DENGUE ALERT!

DENGUE ALERT!

Southstar Drug

‘Tis the season of rain! And ‘tis the season to bring out those umbrellas, raincoats, and boots! Sure, those rainy season gears are needed in some countries experiencing heavy rainfall and flood. But how about the Philippines and other neighboring Asian countries? Guess umbrellas, raincoats, boots aren’t enough to safeguard one’s health ‘tis season. Mosquito repellent lotions and sprays are must-haves too!

Out of all the genera of mosquitoes, it’s most likely that the aedes mosquitos bring dengue to human. Aedes is a small, dark mosquito that can be identified by the white bands on its legs and a silver-white pattern of scales on its body 

When mosquito bites a person who has dengue virus in his or her blood, the mosquito becomes infected with the dengue virus. An infected mosquito can later transmit that virus to healthy people by biting them. Dengue cannot be spread directly from one person to another, and mosquitoes are necessary for transmission of the dengue virus. The symptoms are sometimes diagnosed as flu; the only difference is that dengue symptoms includes sudden high fever, severe headache, joint and muscle pain, nausea, vomiting, and skin rash. Dengue may also lead to hemorrhagic fever, which causes mild bleeding in the nose, bleeding gums, and easy bruising.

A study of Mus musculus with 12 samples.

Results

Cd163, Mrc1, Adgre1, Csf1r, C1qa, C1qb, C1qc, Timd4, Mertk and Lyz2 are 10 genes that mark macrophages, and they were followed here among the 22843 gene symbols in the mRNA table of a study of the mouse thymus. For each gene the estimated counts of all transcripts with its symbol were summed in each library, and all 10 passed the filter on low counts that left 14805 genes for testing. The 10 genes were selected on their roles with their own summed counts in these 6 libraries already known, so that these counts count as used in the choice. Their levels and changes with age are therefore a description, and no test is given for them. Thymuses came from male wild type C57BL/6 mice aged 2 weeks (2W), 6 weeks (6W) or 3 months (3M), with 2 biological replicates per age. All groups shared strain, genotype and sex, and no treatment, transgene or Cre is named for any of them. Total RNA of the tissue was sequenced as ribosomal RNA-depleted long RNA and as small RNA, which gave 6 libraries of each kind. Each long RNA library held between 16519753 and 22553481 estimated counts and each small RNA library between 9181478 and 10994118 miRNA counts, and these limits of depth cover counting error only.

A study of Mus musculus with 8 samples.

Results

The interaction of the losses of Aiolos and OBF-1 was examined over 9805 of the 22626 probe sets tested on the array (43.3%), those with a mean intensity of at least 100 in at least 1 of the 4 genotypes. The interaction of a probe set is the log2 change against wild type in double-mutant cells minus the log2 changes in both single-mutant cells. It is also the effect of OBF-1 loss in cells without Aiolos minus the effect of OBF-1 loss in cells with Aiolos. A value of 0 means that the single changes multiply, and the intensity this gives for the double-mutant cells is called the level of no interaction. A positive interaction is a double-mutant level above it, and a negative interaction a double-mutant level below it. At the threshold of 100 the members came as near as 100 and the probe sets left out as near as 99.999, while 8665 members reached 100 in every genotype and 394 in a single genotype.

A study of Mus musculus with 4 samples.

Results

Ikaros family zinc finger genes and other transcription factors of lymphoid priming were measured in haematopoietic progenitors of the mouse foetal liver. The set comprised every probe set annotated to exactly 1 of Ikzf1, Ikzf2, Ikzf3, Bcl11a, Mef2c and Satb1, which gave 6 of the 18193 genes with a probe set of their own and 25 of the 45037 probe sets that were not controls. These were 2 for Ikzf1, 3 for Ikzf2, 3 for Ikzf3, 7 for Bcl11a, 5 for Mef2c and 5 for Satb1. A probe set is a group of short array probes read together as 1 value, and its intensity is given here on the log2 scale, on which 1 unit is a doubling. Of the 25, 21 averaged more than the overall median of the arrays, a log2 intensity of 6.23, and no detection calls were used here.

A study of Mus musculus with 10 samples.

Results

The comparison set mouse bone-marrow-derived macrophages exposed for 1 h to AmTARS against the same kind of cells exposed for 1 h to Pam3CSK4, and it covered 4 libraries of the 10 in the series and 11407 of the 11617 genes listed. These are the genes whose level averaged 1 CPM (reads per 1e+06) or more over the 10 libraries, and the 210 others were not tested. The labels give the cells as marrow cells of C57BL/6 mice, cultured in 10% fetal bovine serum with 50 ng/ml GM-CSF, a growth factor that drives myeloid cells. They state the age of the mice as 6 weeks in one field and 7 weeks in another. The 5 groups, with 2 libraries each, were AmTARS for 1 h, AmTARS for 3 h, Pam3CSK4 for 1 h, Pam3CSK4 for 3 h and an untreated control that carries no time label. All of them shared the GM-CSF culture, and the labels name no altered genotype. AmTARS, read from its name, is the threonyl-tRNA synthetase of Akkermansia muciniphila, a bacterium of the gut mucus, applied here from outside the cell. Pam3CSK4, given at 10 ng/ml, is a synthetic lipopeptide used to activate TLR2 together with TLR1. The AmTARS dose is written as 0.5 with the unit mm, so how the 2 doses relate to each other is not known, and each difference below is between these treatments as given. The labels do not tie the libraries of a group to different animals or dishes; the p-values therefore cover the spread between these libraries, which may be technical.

There is no treatment for dengue in the sense that patients can only be given supportive and symptomatic management. Medicine or measures that directly fight the virus are yet to be developed. It is fortunate that the natural course of the disease allows most patients to recover spontaneously. This is one reason why prevention is very crucial.

The Department of Health on its previous campaigns against dengue strongly stressed out that it is during the month of September where numbers of dengue victims soar. The reason behind is mosquitoes are now surviving in septic tanks, and no longer just on clean stagnant water. Thus, to eliminate mosquitoes and its dengue threat, we should start off by finding where mosquito breeding sites are.

Here are 6 ways to prevent dengue, according to DOH:
1.    Cover water drums and water pails at all times to prevent mosquitoes from             breeding
2.    Replace water in flower vases once a week
3.    Clean all water containers once a week. Scrub the sides well to remove eggs         of mosquitoes sticking to the sides
4.    Clean gutters of leaves and debris so that rainwater will not collect as                     breeding places of mosquitoes
5.    Puncture or cut old tires used as roof support to avoid accumulation of water
6.    Collect and dispose all unusable tin cans, jars, bottles, and other items that           can collect and hold water.